For people suffering from severe pain, methadone may be a solution. This powerful analgesic medication is also used in some situations as a replacement drug for people who are recovering from addiction to other (more harmful) painkillers.
Methadone is an incredibly addictive opioid. Even prescription levels of methadone can be habit forming, and taking excess levels of this drug can severely increase the risk of addiction and overdose.
Patients who are given methadone to help treat withdrawal symptoms must take the drug as prescribed and not share the medication with anyone else. Patients with methadone pills or liquid left over after treatment should ask a pharmacist about a drug take-back program to dispose of the substance. If no such program exists in the area, methadone can be safely flushed down the toilet.
Missing a dose of methadone is not uncommon, but it must be handled correctly. A patient should never take more than prescribed in an attempt to make up for a missed dose. If the methadone is taken for pain, the patient should take the dose as soon as possible and then wait the recommended amount of time before taking the next.
Those taking methadone as part of an addiction-recovery attempt must simply wait and take the next scheduled dose. These patients should not deviate from the normal schedule.
The volume of methadone addictions is on the rise. Methadone is a relatively inexpensive drug compared to other opioids, which makes it easier to access. Because it is inexpensive, some doctors often prescribe it to patients to treat minor aches and pains.
Since methadone is used as a replacement treatment for patients recovering from addiction to more powerful opioids, the patient is at risk of trading one addiction for another if he or she does not stick to the exact treatment plan.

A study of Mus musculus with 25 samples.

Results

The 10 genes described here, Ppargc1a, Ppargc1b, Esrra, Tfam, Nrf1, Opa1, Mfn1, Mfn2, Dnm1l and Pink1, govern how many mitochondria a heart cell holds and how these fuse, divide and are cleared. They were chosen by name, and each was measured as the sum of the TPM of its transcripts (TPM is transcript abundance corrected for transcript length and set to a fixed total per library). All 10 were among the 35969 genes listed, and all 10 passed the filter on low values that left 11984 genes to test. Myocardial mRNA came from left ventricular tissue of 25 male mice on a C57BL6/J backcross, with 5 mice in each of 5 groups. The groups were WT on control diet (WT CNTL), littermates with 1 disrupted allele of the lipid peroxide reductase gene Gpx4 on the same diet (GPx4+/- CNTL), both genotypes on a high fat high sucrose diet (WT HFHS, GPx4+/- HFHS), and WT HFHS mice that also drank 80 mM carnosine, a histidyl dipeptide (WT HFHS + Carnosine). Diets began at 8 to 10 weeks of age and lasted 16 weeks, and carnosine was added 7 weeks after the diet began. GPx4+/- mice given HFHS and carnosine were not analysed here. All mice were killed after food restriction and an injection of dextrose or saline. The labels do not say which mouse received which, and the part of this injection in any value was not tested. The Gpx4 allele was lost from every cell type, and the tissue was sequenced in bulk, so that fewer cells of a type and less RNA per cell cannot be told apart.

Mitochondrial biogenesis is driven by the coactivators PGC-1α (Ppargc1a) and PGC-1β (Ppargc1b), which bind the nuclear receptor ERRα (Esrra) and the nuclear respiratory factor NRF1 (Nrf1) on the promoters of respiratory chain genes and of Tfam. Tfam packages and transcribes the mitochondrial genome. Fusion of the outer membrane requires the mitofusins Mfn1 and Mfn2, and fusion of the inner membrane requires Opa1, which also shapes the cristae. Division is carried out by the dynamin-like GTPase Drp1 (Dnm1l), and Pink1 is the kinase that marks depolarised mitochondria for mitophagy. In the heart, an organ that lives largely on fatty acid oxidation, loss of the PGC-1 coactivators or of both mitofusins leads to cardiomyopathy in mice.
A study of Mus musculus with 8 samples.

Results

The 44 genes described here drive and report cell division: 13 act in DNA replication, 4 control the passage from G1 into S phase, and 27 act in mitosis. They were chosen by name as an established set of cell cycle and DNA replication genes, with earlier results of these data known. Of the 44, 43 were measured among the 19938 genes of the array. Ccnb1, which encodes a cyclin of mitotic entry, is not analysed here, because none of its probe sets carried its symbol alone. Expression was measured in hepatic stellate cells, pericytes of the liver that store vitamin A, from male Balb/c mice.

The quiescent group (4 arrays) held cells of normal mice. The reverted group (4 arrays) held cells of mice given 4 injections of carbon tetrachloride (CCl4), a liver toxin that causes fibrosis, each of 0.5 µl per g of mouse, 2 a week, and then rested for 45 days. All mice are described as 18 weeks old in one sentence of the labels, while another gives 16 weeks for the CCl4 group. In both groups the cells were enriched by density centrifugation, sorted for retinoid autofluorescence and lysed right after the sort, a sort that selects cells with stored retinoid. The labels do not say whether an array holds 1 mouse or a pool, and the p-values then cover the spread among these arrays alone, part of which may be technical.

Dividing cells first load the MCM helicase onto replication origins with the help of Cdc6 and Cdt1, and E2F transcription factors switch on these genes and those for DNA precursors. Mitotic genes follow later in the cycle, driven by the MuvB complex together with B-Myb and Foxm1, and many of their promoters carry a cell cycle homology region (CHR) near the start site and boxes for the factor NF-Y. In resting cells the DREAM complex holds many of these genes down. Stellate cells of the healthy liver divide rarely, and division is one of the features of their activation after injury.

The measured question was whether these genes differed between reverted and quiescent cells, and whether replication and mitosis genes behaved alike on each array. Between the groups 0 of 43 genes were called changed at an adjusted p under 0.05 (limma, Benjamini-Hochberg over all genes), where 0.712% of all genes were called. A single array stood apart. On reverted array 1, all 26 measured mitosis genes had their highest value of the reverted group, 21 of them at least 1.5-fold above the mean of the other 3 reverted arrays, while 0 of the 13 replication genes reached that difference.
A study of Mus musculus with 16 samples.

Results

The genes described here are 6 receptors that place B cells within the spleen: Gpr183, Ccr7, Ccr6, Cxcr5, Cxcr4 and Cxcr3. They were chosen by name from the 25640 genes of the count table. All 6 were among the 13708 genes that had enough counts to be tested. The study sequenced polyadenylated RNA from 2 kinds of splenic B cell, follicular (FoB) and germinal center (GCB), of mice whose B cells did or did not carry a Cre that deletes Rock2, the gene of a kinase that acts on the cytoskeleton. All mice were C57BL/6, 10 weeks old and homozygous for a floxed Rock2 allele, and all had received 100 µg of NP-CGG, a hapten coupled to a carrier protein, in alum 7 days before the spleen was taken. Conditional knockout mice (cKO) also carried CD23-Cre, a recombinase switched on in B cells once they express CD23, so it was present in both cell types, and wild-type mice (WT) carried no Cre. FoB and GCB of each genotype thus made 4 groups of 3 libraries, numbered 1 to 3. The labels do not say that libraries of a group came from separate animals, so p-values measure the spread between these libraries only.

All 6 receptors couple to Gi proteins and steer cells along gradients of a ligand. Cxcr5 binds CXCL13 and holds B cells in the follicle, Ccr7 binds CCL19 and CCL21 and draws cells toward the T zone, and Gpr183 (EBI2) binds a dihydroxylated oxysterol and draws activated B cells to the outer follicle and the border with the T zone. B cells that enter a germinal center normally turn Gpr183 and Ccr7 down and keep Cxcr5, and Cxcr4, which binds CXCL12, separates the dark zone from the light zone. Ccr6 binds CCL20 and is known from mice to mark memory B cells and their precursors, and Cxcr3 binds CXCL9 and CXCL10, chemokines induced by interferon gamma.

Long-term methadone use can have serious consequences on the human body. Complications resulting from such use include:
- Difficulty breathing
- Changes in heart rate
- Extreme sedation, resulting in a coma
Going Through Methadone Withdrawal
Battling addiction to methadone is difficult, but withdrawal from the drug can be painful, frightening and often discouraging.
Symptoms of methadone withdrawal include:
- Increased sweating
The pain associated with methadone withdrawal is often severe enough that it drives addicts to take more than prescribed to ease the aches. Then, when the pain has passed, users again attempt to get off the drug, leading to a cycle of withdrawal, pain and drug use.
Complications of methadone withdrawal are few, but there is one serious risk: dehydration. Anyone who experiences nausea, vomiting and diarrhea can easily become dehydrated and may be too distracted by the other symptoms to realize the danger.
A person addicted to methadone usually begins to feel withdrawal symptoms about 30 hours after the last dose. The amount of time withdrawal symptoms last varies from person to person, but it can be as long as several weeks. Symptoms are usually at their worst during the first week after an addict stops taking the drug.
Seeking Help For Methadone Addiction
Medical experts recommend that patients should not go through the withdrawal process alone. Family and friends can provide much-needed support, but a doctor can provide treatment specially targeted to lessen the symptoms of withdrawal. Such treatment increases the odds of a patient successfully recovering from addiction and surviving withdrawal from the drug.
Buprenorphine and clonidine can be given to a methadone user to shorten the length of withdrawal and to alleviate certain symptoms. In some cases, doctors may even prescribe methadone to a methadone addict. This seems contrary, but guided treatment that gradually decreases the dosage can be an effective method of overcoming addiction.
Methadone For Methodone Addiction?
There are high risks of abuse and overdose associated with this kind of methadone tapering treatment, however. Only patients enrolled in government-approved treatment programs qualify for this procedure. A physician monitors the patient’s levels of methadone and their response to the drug throughout the process to ensure compliance with the treatment program.
Methadone is one of the worst drugs in terms of withdrawal symptoms and length. However, with professional medical treatment, recovery is possible.